St. Peter's present church building was consecrated in 1949. The design was inspired after a New England girl's boarding school chapel. Georgian colonial in structure, it sits on a five acre lot with woods on two boundaries. The Nave seats 350 to 400 worshipers. The Altar, Baptismal Font, communion silver and the altar flower vases were all brought from the original church, built in 1873 on Spring and Lindell in St. Louis. The cornerstone from this location was also moved and placed in the new location's garden. Linking the past with the future was key in building the new church.
In 1957, the need for additional Sunday School space was apparent. The Education Wing and Little Building were added. Twelve classrooms, a nursery and offices were built in keeping with the Georgian colonial design.
Another beautiful addition was the Laird Garden, built in memory of St. Peter's longest term rector and the one who inspired the move to our present location, William H. Laird. Adjacent to this garden is our newly constructed Columbarium. It is a truly beautiful and peaceful place to sit and reflect.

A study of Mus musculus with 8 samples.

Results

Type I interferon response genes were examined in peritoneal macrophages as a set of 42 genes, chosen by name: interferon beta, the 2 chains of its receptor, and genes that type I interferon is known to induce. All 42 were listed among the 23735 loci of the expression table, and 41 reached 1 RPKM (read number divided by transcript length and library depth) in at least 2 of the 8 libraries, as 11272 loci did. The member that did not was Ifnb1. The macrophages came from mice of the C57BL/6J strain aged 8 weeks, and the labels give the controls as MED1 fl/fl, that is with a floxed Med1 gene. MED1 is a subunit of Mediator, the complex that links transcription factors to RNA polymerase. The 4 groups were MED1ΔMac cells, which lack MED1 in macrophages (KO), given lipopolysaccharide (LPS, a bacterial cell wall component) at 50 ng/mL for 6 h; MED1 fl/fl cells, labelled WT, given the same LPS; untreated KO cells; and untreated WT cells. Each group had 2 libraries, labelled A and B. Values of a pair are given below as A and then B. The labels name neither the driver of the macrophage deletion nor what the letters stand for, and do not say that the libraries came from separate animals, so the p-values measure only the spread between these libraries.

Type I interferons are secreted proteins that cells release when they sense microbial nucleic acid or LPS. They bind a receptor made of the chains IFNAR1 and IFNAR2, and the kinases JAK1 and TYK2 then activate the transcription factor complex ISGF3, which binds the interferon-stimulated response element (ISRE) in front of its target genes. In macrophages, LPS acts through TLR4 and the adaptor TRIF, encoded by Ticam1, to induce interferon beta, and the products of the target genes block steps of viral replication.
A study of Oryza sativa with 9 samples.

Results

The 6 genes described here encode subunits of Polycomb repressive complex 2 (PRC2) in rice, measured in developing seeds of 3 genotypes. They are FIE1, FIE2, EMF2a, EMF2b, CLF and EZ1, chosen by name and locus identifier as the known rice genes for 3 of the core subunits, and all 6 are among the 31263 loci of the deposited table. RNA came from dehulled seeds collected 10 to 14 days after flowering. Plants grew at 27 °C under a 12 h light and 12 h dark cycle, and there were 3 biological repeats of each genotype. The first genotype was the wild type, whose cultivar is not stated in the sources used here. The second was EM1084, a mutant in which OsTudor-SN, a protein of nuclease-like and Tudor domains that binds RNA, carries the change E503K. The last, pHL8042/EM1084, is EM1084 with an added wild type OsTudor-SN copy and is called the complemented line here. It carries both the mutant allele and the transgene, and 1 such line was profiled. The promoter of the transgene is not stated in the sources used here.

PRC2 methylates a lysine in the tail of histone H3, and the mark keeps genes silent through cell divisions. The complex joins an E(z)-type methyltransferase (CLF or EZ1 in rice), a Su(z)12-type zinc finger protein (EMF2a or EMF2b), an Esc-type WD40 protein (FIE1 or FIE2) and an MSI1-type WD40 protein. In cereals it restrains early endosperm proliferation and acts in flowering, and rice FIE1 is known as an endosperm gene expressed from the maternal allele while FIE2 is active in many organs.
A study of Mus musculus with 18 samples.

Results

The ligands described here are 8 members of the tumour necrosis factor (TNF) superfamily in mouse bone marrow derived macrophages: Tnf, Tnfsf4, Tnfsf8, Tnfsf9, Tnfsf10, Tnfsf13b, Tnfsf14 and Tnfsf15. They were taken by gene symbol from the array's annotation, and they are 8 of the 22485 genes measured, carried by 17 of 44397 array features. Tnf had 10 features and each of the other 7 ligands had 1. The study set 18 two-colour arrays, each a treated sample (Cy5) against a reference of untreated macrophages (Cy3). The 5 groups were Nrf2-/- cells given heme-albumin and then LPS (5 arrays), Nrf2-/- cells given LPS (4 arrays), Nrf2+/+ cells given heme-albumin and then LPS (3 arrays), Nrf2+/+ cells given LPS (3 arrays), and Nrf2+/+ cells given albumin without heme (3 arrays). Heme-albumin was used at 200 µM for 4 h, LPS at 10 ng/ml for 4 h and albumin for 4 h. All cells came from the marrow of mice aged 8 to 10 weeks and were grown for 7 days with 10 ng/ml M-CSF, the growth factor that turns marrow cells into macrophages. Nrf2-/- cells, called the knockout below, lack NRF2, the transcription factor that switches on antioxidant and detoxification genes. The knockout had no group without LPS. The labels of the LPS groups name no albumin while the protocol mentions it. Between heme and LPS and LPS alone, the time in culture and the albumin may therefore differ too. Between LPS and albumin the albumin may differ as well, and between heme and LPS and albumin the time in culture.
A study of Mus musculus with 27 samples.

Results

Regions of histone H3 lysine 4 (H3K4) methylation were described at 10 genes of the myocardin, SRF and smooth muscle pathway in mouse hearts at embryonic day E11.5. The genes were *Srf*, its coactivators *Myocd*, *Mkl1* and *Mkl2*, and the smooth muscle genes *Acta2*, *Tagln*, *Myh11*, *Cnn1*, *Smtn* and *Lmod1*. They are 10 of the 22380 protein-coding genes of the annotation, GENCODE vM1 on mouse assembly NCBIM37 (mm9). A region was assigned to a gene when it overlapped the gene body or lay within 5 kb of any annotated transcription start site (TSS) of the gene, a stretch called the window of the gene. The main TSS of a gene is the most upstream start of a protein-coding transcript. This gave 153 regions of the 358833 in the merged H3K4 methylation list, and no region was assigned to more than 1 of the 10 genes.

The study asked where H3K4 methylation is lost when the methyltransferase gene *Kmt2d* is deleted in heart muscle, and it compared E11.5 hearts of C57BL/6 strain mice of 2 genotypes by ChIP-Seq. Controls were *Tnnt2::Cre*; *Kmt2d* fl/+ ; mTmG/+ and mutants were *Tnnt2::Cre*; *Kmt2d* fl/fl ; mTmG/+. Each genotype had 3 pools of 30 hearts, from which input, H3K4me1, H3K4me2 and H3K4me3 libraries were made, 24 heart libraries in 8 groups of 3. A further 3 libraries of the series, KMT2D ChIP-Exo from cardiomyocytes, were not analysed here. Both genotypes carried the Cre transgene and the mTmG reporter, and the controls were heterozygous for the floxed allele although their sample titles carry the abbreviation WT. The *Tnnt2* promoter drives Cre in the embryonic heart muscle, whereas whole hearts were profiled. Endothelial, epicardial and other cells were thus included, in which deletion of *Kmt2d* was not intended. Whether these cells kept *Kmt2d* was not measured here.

At the end of 1996, St. Peter's enjoyed yet another wonderful addition to this facility. More classrooms, offices and a choir room were completed and the Undercroft, existing classrooms and kitchen were renovated.
Our parish has provided for this construction and renovation through an enthusiastic response to our capital fund drive, which raised over $2 million for these projects.
In 1998, St. Peter's saw the creation and completion of Grace Chapel. Located on the upper floor of the west wing, and accessible during extended hours, Grace Chapel provides a space for services and private meditation.
During the summer and early fall of 2001, the interior of the church building was restored – new plaster, paint, varnish and carpet were installed; the sound system was replaced; and marble and brass surfaces were refinished.
Construction of a new Chancel Organ began on July 9, 2001, and was completed on October 2. Built by N.P. Mander, Ltd., of London, the instrument is a mechanical action (tracker) organ of 44 stops, comprising four divisions, and contains 57 ranks of pipes. It is housed in chambers and cases on either side of the Choir. A gift to the parish, the organ is used in corporate worship and for organ recitals.